Throwback Thursday
The Story of the Historic Cowlitz Mission

Just east of the historic Pacific Highway north of Toledo lies one of the most important pieces of cultural history in the Pacific Northwest.

St. Francis Xavier Mission, more commonly known locally as the Cowlitz Mission, is the oldest operating Catholic church in Washington. Constructed in 1838, the mission was built more than a half-century before Washington became a state and 15 years before the formation of Washington Territory.

An article in the Chehalis Bee-Nugget in the 1910s describes the importance of Simon Plamondon, a retired employee of the Hudson’s Bay Company, to the Cowlitz region. Plamondon is locally regarded as a pioneer of the area as he took a land claim on the prairie; he would later set aside a room in his home for a ceremony to establish the St. Francis Xavier Mission, according to the Catholic Parishes of Lewis & East Pacific Counties.

The mission essentially played a huge role in merging the two cultures, as Father Francois Norbert Blanchet used a device known as the “Catholic Ladder” to relay the stories of the Bible and modern history to members of tribes who wished to hear of the Great Spirit. That ladder was copied and replicated by many other missions throughout Washington, Oregon and even British Columbia.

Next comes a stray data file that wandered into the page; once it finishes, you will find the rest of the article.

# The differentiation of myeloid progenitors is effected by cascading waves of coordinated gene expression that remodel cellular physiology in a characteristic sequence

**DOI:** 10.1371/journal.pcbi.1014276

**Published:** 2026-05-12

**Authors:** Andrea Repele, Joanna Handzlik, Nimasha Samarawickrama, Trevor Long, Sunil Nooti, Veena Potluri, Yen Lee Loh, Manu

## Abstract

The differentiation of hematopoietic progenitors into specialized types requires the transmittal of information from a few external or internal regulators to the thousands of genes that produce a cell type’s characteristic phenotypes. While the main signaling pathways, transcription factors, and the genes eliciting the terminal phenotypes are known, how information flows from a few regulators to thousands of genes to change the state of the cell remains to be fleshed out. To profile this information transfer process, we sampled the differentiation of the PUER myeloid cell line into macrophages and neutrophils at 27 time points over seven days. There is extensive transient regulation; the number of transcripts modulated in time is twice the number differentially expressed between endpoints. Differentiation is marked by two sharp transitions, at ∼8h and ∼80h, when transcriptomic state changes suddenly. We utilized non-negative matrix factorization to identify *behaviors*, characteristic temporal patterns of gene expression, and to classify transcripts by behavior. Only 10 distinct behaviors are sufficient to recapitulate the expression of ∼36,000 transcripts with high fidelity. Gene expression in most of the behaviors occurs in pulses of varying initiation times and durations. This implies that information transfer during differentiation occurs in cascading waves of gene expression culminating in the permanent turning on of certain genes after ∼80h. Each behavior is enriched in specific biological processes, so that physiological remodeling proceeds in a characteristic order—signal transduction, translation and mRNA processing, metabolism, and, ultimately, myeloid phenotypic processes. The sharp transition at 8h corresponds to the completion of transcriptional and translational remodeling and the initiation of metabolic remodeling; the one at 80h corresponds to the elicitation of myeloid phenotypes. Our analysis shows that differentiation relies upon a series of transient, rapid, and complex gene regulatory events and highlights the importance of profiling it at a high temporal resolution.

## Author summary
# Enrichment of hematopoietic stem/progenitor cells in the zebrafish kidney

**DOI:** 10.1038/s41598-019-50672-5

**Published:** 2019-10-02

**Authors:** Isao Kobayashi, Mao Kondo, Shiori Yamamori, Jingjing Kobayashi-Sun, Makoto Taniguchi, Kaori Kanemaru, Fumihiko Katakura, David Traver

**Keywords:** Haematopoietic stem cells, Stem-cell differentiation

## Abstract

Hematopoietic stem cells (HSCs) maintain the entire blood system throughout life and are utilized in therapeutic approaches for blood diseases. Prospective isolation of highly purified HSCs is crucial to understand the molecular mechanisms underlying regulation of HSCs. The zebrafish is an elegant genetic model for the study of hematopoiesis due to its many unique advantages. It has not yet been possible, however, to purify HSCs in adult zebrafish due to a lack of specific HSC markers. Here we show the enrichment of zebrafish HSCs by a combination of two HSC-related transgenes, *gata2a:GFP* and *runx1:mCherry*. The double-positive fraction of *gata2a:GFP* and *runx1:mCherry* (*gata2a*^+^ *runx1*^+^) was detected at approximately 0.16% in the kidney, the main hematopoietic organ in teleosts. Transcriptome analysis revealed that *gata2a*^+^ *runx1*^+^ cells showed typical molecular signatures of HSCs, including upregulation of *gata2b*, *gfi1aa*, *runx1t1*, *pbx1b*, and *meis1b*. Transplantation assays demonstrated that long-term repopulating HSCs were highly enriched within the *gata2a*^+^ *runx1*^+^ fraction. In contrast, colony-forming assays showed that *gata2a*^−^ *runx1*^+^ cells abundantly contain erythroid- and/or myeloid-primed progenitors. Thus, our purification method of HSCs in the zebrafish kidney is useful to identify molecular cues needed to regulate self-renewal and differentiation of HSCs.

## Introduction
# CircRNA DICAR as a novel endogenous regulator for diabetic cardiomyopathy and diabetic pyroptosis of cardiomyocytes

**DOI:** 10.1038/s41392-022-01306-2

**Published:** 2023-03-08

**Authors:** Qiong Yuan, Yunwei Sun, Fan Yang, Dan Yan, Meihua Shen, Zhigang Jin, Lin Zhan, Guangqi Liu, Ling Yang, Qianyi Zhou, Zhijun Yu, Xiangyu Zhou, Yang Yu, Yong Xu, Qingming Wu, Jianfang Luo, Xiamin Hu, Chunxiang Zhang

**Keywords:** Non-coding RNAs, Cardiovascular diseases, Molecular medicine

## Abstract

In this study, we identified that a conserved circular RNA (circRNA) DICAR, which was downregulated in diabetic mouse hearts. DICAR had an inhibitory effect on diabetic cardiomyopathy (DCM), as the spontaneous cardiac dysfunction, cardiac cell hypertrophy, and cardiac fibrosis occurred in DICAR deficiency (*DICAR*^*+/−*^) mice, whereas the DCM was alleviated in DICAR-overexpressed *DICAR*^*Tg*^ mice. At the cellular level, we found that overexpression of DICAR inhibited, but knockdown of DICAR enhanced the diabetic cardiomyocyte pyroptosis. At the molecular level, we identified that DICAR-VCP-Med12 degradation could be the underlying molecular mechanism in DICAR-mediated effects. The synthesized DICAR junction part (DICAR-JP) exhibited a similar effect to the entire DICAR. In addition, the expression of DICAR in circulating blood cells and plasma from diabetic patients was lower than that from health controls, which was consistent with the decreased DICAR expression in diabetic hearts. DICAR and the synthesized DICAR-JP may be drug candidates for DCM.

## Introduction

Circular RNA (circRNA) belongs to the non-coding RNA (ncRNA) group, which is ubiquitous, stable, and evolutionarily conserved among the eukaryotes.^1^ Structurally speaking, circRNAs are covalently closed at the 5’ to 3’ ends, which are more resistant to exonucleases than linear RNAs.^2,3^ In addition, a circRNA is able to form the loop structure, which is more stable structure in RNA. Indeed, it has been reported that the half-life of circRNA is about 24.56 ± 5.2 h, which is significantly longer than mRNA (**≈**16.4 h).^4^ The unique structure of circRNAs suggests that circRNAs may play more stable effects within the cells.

A replica of that ladder exists on the property today, with a guide that explains the symbols on the ladder from the account of the crucifixion to the establishment of the church. The ladder that exists on site today was carved by Fred Echenberg, a member of the Cowlitz Tribe and master woodworker.

As for the history of the early days of the church, not much exists as its early records were destroyed in a fire in 1901. Another fire in later years resulted in needing to rebuild the church into the structure that stands today.

A cemetery on the property is about 7 years older than the actual church itself, having been maintained at first by the Hudsons Bay Company in the early 1830s. Early records of the cemetery don’t exist, but several early settlers in the area are buried there in a beautiful piece of land that overlooks the prairie below and Mount St. Helens in the distance.

Several important names in Lewis County history are buried here, including Simon Plamondon himself. Church members take care of the grounds and maintain the cemetery and its headstones very well.

Today the church’s name still reflects its origins as the St. Francis Xavier Mission, and its congregation proudly celebrates its 177th year of operation.

A historical marker on Jackson Highway tells the story of the prairie and church, but stop onto the church’s property itself to learn more about the building, see the replica of the Catholic Ladder and more. They’re important pieces of Lewis County history that deserve to be seen up close!

How to Get There
Take Exit 63 from Interstate 5 and follow State Route 505 eastward/southbound toward Toledo. Take a left at Jackson Highway and proceed nearly a mile to Spencer Road. Take a right on Spencer Road and the mission will be on your left.